This article first appeared on It is co-authored with Dana Goldman.

Sometime in the next few months we are likely to enter the era of COVID-19 vaccines. With billions of dollars poured into the multiagency federal effort Operation Warp Speed and positive signs coming from clinical trials, the odds seem high that one or more safe and relatively effective vaccines will be ready soon.

But getting ready and getting people immunized are two different things. Well before Operation Warp Speed delivers products en masse, we need to be prepared to distribute them effectively. Initially, we will have to prioritize some highest risk Americans over others, and — perhaps most challenging — we will have to persuade millions of reluctant or complacent Americans to get their shots.

To crush the virus, we need a moonshot-like goal: 150 million Americans vaccinated by Sept. 1, before next year’s school year and flu season. Only by achieving this level of immunization can we confidently achieve a sense of normalcy again.

How do we achieve that goal?

First, make any FDA-authorized vaccine completely free of charge. Our research shows cost will be a barrier for many Americans. Not only should the vaccines themselves be covered, so should the administration fees for pharmacies and distributors. The payment system must be simple so that red tape doesn’t delay delivery. The government is already buying doses through Operation Warp Speed, but it should formalize that process to guarantee all inoculations are free regardless of location or insurance.

Then set priorities for early distribution and get the initial target groups ready to line up for shots. When the vaccines are first approved, many more people will want them than can be accommodated. Healthcare workers will probably be the first priority. Next will be people at higher risk of serious illness or death, including the elderly, those living in nursing homes and jails, and those with suppressed immune systems. This is also the time to create a national registry that keeps track of who has been vaccinated, enabling long-term monitoring of the vaccine’s safety and efficacy.

Lay the pavement for rapid deployment of vaccines to the rest of us. Retail pharmacies and local healthcare providers will need help preparing to take on the massive task ahead, and they should not be alone on the front lines. Employers should incentivize their workers to get their shots at workplaces. Vaccinations should be required for all school employees and university students to address super spreading. Moreover, as soon as the first vaccine approaches availability, Operation Warp Speed should fund research on its safety and effectiveness in children. It is hard to imagine interventions like physical distancing and masks alone preventing all future superspreading events at schools.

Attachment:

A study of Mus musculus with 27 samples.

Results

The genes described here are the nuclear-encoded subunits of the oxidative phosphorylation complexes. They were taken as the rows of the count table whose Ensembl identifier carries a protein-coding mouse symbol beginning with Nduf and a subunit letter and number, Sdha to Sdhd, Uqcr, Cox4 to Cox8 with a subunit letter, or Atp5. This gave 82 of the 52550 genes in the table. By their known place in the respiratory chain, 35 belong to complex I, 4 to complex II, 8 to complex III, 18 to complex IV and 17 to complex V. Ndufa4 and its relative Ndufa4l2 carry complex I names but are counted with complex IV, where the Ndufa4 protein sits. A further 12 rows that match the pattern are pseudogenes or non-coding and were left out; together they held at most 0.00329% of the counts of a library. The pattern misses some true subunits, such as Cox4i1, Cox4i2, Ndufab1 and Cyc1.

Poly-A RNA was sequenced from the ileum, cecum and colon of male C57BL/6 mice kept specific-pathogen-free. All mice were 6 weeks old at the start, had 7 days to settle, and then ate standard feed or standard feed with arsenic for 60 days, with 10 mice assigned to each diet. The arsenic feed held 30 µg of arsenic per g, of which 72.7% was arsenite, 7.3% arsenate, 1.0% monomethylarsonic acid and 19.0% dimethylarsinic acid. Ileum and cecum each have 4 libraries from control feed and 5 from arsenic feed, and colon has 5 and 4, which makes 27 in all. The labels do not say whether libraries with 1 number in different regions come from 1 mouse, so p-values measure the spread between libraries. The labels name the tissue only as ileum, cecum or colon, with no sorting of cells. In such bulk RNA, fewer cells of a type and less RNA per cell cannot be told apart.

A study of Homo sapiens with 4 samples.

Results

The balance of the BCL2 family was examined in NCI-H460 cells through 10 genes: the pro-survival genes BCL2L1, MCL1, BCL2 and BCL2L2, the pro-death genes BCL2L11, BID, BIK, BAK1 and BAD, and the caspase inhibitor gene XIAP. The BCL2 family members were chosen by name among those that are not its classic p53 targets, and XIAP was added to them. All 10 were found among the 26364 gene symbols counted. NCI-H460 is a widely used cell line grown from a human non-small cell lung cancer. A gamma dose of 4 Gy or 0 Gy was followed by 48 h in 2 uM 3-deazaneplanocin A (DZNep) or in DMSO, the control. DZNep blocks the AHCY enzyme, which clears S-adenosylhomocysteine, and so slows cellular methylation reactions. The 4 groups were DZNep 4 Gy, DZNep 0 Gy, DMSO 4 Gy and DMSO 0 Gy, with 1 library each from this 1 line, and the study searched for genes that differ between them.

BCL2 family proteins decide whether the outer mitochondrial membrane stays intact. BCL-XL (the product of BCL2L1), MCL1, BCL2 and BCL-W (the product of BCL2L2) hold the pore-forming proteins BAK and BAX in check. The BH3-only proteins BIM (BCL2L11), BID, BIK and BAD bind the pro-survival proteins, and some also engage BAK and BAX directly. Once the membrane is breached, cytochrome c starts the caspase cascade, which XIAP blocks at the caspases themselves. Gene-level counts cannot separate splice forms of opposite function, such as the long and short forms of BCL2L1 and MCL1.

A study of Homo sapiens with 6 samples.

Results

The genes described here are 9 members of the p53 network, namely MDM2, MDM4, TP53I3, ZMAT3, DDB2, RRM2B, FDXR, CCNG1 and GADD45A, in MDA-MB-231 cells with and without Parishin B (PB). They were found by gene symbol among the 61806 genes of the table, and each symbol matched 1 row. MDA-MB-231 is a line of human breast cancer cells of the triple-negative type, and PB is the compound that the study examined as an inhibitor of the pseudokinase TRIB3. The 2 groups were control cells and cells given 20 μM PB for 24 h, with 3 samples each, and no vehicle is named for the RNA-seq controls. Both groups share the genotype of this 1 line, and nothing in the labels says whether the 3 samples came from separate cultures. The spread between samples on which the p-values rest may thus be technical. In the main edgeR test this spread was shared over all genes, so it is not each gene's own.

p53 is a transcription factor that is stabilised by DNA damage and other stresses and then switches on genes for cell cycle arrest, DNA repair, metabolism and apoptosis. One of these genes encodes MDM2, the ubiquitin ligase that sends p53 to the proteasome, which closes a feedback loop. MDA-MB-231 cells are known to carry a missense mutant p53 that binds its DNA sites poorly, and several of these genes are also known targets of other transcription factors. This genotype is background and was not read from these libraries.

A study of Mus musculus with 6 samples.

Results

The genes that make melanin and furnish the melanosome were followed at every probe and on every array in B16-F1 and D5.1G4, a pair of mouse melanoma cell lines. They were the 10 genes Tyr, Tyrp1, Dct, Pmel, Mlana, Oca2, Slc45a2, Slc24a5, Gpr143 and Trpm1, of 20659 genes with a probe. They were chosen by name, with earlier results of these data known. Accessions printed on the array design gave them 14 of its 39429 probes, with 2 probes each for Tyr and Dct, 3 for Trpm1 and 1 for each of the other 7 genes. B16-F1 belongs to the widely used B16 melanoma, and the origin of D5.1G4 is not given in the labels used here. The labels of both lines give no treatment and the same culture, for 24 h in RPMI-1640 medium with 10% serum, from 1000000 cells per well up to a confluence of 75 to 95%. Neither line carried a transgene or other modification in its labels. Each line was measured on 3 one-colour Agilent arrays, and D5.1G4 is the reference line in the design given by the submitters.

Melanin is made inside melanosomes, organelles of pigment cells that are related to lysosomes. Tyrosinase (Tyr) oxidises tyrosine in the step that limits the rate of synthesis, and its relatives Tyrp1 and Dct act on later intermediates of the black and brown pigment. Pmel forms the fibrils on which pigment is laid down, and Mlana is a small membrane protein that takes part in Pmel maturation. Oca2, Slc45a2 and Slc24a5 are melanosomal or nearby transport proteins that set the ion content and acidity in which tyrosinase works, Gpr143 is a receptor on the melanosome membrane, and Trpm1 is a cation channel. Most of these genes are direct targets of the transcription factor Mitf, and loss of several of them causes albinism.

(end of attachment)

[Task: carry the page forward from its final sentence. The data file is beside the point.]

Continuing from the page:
Lastly, think big. Plan for a level of throughput that has never been achieved by our health system, which is usually characterized by fixed capacity, long waiting times and bricks-and-mortar facilities.

Public health agencies must be proactive and get creative. Vaccinators should show up wherever a crowd gathers, such as bars, nightclubs, parks and even the South Lawn of the White House. (At bars, instead of one shot, how about two?) Create a mobile registration system that eliminates the need for clipboards and insurance cards. This may be the way that the Apple and Google COVID-19 partnership achieves its potential. Launch free training programs to create new workers capable of administering vaccinations and pay them per vaccine delivered. Create a network of thousands of local distribution centers for vaccinators to pick up doses. This could be a great use of the 31,322 post offices in the U.S. simply by adding refrigerators and an inventory control system to track vaccine doses.

Finally, governments at all levels should coordinate with pharmaceutical companies, doctors and hospitals on a vaccination awareness campaign of a scale not seen since the advent of polio immunization. Unlike that tranquil time when trust in government and the medical establishment was high, the public today is rife with suspicion. For many millions, the delivery of vaccines in record time is a sign that something must be wrong or dubious.

The name Operation Warp Speed should be retired as soon as vaccines are approved and something more encouraging put in its place.

Behaviorists tell us that negative motivations don’t work as well as positive ones. “Get a shot, it’s your responsibility” has less appeal than “Everybody is getting immunized, and you should too.” When coupled with rewards for participation — maybe entry into a lottery after being added to the vaccine registry — the trend line toward herd immunity should move rapidly in the right direction.

The oncoming vaccines give us a chance to return to normalcy. The scientists did their job; now it is time for the rest of us to finish it.